Reflection: Learning about China
I am writing you from Baltimore, where our Stated Clerk Diane Frasher and I are attending the Mid-Council Leaders Gathering in anticipation of GA224 next June. It looks like it might be a fairly quiet GA; there don’t seem to be many big issues percolating but who knows what might arise in the next 8 months.
This event (which used to be called the Polity Conference, an annual meeting of the Office of the General Assembly) is now co-sponsored by the Board of Pensions. So some of us were able to thank Clayton Cobb, who is retiring this month as our regional consultant, and to greet Rev. Kristin Leucht as our new regional consultant. Kristin is our neighbor, as she has served for over 20 years in various pastoral positions with La Canada Presbyterian Church. Kristin’s email is email@example.com, and her work cell is 267-815-1329. She will be coming to a Presbytery meeting soon to meet us.
But for me personally, the most interesting event happened on the day I left for Baltimore. Karen Sapio and I were invited to meet with the Foundation for Theological Education in South East Asia (FTESEA), who was hosting representatives from the China Christian Council (CCC). FTESEA is supported by ten mainline denominations, two in Canada (the Presbyterian and United Church of Canada) and eight in the United States (the “Seven Sisters” and the Reformed Church in America). The China Christian Council is the main Protestant institution in the People’s Republic of China.
One of the legacies of the Church Missionary Society and ABCFM is the CCC’s partner “Three-Self Patriotic Movement.” This is the Chinese application of three principles of self-governance, self-support (i.e., financial independence from foreigners), and self-propagation (i.e., indigenous missionary work) for the establishment of indigenous, or local, churches in what were considered overseas mission fields. The CCC’s relationship with the Chinese government emphasizes this approach, as the government is obviously concerned with unwelcome influence from Western nations, perpetrated through Western missionaries. It has been unfortunate when Western missionaries became conscious or unwitting agents in suppressing the self-determination of non-Western peoples.
This three-self identity of the Chinese indigenous church extends into attempts to articulate and teach the Christian faith in authentically and distinctively Chinese ways. With this helpful approach, and in its relationship with the state, the CCC (and Nanjing Union Theological Seminary) reminded me greatly of the opportunity when Karen Sapio and I were invited to Matanzas Evangelical Theological Seminary in Cuba.
So Karen and I found ourselves meeting with these Christian church leaders from another Communist country, with other ecumenical partners. In the midst of the meeting I noticed that I was the only person who used the term “Mainland China”—everyone else simply said “China.” No one said anything, but during lunch I spoke with the Episcopal representative about my professor who served as the theological adviser to the Anglican Archbishop in Hong Kong.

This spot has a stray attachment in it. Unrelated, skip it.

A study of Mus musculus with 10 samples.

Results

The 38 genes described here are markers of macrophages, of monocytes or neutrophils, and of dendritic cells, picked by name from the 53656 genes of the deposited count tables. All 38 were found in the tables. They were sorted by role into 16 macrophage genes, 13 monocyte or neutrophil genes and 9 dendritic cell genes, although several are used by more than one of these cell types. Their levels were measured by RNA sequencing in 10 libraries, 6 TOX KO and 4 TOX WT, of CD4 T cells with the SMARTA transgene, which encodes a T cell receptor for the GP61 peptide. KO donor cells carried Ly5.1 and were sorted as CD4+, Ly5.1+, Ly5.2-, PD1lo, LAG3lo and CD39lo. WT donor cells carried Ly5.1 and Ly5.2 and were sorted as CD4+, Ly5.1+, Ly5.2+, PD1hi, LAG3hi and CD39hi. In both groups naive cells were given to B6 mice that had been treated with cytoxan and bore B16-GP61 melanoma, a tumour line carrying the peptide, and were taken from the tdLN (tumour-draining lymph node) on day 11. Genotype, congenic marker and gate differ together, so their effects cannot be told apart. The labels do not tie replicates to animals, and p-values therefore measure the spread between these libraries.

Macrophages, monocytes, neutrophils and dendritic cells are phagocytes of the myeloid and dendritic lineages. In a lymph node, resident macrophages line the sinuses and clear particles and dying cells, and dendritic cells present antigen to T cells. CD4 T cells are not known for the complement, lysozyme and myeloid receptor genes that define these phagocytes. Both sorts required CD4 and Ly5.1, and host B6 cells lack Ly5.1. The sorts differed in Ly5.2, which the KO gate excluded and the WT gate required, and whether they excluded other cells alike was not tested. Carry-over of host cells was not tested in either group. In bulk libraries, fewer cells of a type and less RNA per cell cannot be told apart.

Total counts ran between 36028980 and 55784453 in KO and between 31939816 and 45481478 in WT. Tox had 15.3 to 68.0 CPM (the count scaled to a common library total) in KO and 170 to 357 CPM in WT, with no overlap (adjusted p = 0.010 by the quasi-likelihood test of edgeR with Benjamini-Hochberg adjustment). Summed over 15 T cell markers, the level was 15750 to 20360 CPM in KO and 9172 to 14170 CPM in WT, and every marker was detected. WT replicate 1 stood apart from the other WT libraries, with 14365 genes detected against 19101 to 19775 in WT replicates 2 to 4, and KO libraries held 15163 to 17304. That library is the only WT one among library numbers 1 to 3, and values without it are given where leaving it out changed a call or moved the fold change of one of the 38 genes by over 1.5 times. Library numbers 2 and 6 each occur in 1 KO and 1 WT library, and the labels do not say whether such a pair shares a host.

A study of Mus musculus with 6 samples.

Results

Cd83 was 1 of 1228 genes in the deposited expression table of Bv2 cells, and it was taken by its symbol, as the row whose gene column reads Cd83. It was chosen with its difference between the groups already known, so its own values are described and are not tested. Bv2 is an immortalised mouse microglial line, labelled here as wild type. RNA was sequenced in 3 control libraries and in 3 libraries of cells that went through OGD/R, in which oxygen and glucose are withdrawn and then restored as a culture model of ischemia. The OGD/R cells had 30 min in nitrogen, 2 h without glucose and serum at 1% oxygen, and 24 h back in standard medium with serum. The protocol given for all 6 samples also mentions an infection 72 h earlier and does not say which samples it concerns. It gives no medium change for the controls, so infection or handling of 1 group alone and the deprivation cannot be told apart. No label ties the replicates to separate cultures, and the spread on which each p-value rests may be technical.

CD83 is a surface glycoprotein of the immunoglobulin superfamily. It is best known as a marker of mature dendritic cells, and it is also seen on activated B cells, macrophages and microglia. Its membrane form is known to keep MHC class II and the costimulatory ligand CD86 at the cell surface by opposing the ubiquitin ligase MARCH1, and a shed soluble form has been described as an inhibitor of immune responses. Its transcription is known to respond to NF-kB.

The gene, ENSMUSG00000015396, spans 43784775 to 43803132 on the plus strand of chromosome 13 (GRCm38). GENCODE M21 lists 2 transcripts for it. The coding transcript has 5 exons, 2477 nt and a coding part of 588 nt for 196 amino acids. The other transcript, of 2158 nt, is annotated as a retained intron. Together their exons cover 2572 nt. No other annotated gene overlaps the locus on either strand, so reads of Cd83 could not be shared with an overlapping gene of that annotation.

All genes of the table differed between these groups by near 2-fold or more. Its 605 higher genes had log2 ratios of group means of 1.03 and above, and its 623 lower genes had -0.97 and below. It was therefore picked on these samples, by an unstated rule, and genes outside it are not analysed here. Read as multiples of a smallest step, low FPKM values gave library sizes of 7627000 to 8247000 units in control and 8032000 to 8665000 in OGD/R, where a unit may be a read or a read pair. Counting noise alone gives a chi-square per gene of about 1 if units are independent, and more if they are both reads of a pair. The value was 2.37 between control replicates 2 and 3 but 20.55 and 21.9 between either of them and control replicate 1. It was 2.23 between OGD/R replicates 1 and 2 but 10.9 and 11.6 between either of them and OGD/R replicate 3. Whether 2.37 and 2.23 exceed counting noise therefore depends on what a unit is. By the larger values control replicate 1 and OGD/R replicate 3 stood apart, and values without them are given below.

I asked the Episcopal official about the relationship between the Anglican church in Hong Kong and mainland China, and the official said in a rather pointed way, “there is no relationship; we are ONE CHINA.” I was a bit puzzled and asked him to clarify; he stated again “there is One China, which includes Hong Kong.” I said “you must talk to different people than I do,” and he responded with what seemed to me to be a “look.”
Karen and I went to sit with the person who spoke English the best, and learned a great deal about Christianity on the mainland—the fact that they do not have denominations and resist attempts to assert denominational identities, the connections between Confucian thought and the church in China, and the impact of the growth of urbanization, individualism, and materialism in today’s China, including the impact of the “one-child” policy that resulted in generations of young adults who were the protected center of their parents’ lives. This is amplified because virtually all pastors have been born after the Cultural Revolution, so all they know is the last few decades of cultural and economic development.
Obviously there is too much to discuss in this column, but the epilogue occurred here in Baltimore. Mienda Uriarte, our area coordinator for Asia with World Mission, told me that the PC(USA) and CCC have experienced some tension over the CCC’s assertion of the One China policy. Because of our strong relationship with the Presbyterian Church in Taiwan, we cannot ignore the desire for sovereignty or at least some local identity for the Taiwanese (or, for that matter, the people of Hong Kong). This has resulted in a stalemate of sorts, as the CCC representatives would like the PC(USA) to either leave the Taiwanese behind or report to the CCC who we are meeting with in Taiwan.
Whenever I think of God’s dream for the nations of the world, I think about how God chose to bring salvation through a small child in a small town in a small and relatively powerless nation, and because of that, we Presbyterians have stood with small nations as they attempt to defend their rights against the forces of empire through the centuries. As I lived in Hawaii, I came to appreciate the outsized impact of aloha that comes through that very small island nation that has been absorbed by the empire of the United States—and yet they strive to retain their distinctive culture, which I think is universally considered to be a gift to the world.
May we pray for all the peoples of the world, especially those whose identity and even their lives are being threatened by the forces of aggression and domination. And may we, even we who are citizens of the empire, appreciate and defend the gifts of the small nations of the world.